Article Text

  1. S. E. Erickson1,
  2. P. D. Blanc1,
  3. C. Iribarren2,
  4. I. V. Tolstykh1,
  5. M. D. Eisner1,2
  1. 1University of California, San Francisco, CA
  2. 2Division of Research, Kaiser Permanente, Oakland, CA.


Purpose Asthma morbidity and mortality disproportionately affect blacks. Whether these racial disparities are totally explained by differences in access to care, asthma treatment, or socioeconomic status is unknown. Our objectives were (1) to examine whether there are racial disparities in asthma treatment among members of a managed care organization that provides broad access to the full complement of primary to tertiary care services and (2) if racial disparities in treatment exist, to what degree these disparities are associated with asthma severity and health status.

Methods We conducted a cross-sectional study of patients (N = 865, which included 524 white and 154 black patients) who were recruited after hospitalization for asthma. All patients were members of the same large, integrated health care organization. We collected data about preventive and treatment measures for asthma (long-term controller medication use, rescue medication use, monitoring strategies, and educational efforts). We then examined the impact of race on patient-centered outcomes, including asthma severity, asthma-related quality of life, overall health status, and restricted activity due to asthma symptoms. Multivariate analyses were used to examine the associations between race, asthma treatment, and these patient-centered asthma outcomes.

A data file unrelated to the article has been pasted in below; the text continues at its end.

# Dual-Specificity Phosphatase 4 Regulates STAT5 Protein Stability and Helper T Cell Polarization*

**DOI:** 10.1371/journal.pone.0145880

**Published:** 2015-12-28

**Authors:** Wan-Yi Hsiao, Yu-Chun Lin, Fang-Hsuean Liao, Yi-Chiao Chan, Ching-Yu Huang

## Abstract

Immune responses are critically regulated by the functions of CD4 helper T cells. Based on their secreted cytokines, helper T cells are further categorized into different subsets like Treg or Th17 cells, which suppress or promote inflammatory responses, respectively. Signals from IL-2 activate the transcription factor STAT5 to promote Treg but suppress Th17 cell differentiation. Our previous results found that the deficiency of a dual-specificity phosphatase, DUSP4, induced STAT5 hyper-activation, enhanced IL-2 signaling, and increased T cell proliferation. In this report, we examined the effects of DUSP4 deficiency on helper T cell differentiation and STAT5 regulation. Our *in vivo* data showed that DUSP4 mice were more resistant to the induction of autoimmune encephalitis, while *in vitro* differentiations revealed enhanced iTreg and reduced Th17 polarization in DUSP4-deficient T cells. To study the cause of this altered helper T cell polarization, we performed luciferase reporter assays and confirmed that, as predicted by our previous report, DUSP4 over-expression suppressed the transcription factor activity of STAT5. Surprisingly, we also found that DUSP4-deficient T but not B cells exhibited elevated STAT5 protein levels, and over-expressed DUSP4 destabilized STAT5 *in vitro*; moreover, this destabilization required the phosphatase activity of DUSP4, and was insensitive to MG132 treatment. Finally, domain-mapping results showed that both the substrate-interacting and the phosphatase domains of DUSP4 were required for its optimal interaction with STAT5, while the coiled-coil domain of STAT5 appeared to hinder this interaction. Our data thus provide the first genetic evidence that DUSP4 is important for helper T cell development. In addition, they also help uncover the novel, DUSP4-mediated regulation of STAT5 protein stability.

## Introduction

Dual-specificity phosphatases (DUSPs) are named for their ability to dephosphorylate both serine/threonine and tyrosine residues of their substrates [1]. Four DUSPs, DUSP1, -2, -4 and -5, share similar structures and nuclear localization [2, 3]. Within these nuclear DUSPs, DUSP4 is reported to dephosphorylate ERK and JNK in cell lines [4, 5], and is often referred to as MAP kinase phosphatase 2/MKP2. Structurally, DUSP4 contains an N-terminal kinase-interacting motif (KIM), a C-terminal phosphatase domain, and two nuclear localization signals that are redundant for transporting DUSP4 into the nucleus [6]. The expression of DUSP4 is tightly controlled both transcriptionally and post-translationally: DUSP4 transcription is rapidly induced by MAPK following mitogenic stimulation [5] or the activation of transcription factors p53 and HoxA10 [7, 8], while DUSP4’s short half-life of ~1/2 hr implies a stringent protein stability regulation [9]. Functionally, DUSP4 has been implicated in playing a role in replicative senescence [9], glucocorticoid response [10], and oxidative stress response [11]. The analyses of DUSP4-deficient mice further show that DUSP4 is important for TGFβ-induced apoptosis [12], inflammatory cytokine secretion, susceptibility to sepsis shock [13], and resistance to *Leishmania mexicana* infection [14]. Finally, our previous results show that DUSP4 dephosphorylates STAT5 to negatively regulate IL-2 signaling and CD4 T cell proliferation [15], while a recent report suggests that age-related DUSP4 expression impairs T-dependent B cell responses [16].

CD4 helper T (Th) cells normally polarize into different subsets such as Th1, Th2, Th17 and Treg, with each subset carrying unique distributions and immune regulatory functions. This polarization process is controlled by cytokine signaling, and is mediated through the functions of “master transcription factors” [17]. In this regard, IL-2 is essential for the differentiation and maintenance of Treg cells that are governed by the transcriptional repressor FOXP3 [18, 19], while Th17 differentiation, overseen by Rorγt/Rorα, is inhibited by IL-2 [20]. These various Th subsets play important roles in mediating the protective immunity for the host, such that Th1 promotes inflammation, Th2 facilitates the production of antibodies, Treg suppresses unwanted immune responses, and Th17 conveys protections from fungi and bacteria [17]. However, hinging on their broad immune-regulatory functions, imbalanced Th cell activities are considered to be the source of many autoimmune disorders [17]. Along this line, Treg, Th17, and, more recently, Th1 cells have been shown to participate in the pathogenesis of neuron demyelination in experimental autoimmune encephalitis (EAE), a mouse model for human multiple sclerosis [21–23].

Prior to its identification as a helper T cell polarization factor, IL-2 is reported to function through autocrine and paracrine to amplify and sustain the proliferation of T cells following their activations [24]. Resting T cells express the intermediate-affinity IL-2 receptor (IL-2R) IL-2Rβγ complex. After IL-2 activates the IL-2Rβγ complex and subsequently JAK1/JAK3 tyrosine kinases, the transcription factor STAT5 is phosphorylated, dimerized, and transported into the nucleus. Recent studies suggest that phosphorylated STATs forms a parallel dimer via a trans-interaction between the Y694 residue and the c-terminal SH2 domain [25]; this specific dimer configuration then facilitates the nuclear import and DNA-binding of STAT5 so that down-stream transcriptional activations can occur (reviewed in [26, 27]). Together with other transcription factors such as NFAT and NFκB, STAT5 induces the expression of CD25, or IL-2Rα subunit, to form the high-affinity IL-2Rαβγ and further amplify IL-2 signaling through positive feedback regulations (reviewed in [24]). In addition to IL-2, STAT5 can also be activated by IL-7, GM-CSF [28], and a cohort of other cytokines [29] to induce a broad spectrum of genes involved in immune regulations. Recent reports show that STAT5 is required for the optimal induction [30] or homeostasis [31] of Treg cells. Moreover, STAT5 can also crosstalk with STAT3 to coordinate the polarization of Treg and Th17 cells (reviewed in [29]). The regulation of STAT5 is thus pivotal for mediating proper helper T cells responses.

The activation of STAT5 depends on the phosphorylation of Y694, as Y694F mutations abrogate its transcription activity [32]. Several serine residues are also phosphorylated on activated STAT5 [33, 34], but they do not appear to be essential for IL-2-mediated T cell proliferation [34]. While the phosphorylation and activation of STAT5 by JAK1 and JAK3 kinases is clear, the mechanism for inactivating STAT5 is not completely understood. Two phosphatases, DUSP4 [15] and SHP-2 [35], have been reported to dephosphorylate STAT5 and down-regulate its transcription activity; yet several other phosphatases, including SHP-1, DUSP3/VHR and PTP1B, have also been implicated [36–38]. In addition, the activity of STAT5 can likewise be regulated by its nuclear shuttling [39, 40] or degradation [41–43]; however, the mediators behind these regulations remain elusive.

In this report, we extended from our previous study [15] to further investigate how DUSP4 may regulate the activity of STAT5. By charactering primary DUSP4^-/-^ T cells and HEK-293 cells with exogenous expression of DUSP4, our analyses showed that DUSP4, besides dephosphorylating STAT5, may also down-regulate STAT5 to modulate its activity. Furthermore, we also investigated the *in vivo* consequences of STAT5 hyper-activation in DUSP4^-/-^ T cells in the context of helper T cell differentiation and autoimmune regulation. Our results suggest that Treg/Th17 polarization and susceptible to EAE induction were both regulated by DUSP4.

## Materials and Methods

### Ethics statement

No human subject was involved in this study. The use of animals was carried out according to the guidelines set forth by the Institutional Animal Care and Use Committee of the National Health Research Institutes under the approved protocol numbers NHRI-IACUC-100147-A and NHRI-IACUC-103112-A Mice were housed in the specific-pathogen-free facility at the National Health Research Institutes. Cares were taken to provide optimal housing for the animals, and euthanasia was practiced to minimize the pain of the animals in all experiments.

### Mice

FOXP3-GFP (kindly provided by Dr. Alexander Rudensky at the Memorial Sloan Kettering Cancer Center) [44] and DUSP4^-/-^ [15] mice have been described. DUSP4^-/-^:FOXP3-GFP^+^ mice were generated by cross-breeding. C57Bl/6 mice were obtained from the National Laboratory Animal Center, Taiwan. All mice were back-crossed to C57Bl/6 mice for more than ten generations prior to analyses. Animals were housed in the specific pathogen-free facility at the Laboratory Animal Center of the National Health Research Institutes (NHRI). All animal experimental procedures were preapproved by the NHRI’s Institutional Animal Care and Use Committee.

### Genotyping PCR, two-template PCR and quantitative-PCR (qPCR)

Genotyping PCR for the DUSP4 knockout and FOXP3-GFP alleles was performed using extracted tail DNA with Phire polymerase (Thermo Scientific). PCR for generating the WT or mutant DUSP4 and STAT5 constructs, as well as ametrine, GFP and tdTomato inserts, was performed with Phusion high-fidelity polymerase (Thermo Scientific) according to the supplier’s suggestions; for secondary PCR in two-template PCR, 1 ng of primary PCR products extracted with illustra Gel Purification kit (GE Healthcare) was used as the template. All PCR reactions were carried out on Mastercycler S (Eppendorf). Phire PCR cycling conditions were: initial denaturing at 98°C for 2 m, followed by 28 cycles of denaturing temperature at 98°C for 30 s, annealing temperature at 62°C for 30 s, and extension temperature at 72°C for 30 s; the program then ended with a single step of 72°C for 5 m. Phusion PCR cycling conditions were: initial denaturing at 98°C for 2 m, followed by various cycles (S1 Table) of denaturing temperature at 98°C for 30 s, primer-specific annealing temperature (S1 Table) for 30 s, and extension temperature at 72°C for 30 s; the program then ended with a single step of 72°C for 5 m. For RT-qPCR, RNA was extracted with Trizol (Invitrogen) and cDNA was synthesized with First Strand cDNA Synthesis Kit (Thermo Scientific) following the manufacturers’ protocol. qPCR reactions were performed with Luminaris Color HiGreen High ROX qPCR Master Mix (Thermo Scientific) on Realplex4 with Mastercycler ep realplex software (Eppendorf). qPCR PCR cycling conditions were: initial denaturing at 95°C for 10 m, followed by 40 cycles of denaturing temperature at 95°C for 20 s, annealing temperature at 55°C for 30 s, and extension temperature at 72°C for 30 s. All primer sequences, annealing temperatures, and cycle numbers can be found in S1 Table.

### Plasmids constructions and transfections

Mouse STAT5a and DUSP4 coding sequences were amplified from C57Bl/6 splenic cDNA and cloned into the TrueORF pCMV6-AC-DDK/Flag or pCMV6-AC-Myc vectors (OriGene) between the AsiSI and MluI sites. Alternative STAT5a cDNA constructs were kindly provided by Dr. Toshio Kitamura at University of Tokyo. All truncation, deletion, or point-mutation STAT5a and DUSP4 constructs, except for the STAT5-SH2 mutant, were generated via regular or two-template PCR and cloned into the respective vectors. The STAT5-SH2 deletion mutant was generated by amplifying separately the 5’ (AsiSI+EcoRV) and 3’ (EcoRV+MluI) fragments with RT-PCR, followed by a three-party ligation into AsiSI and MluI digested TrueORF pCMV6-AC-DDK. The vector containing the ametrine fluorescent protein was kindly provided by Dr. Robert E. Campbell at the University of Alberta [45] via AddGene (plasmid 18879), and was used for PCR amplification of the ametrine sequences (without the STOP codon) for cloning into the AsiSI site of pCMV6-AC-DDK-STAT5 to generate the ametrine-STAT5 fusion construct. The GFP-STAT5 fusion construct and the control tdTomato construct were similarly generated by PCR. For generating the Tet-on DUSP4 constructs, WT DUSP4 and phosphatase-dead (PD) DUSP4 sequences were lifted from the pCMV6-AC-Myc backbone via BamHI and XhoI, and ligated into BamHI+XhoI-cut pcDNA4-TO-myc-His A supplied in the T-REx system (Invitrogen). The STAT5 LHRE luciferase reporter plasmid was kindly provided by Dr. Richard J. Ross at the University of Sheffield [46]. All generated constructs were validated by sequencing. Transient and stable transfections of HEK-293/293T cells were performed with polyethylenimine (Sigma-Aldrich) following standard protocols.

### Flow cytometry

Results Blacks reported increased use of short-acting inhaled β-agonists or nebulizers compared with whites (OR 1.82; 95% CI 1.19-2.79 and OR 1.59; 95% CI 1.11-2.28, respectively). Blacks were more likely to have used their peak flow meters regularly (OR 1.52; 95% CI 1.05-2.21). There were no clear differences in asthma severity, asthma-related quality of life, overall health status, or restricted activity days between blacks and whites after adjusting for individual and area-level socioeconomic status (lowest p value = .16).

Conclusion In a health care setting that provides uniform access to care, black race was associated with some differences in asthma treatment, including increased use of rescue medications. However, despite these differences in asthma treatment, we found no racial disparities in asthma severity, asthma-related quality of life, or overall health status.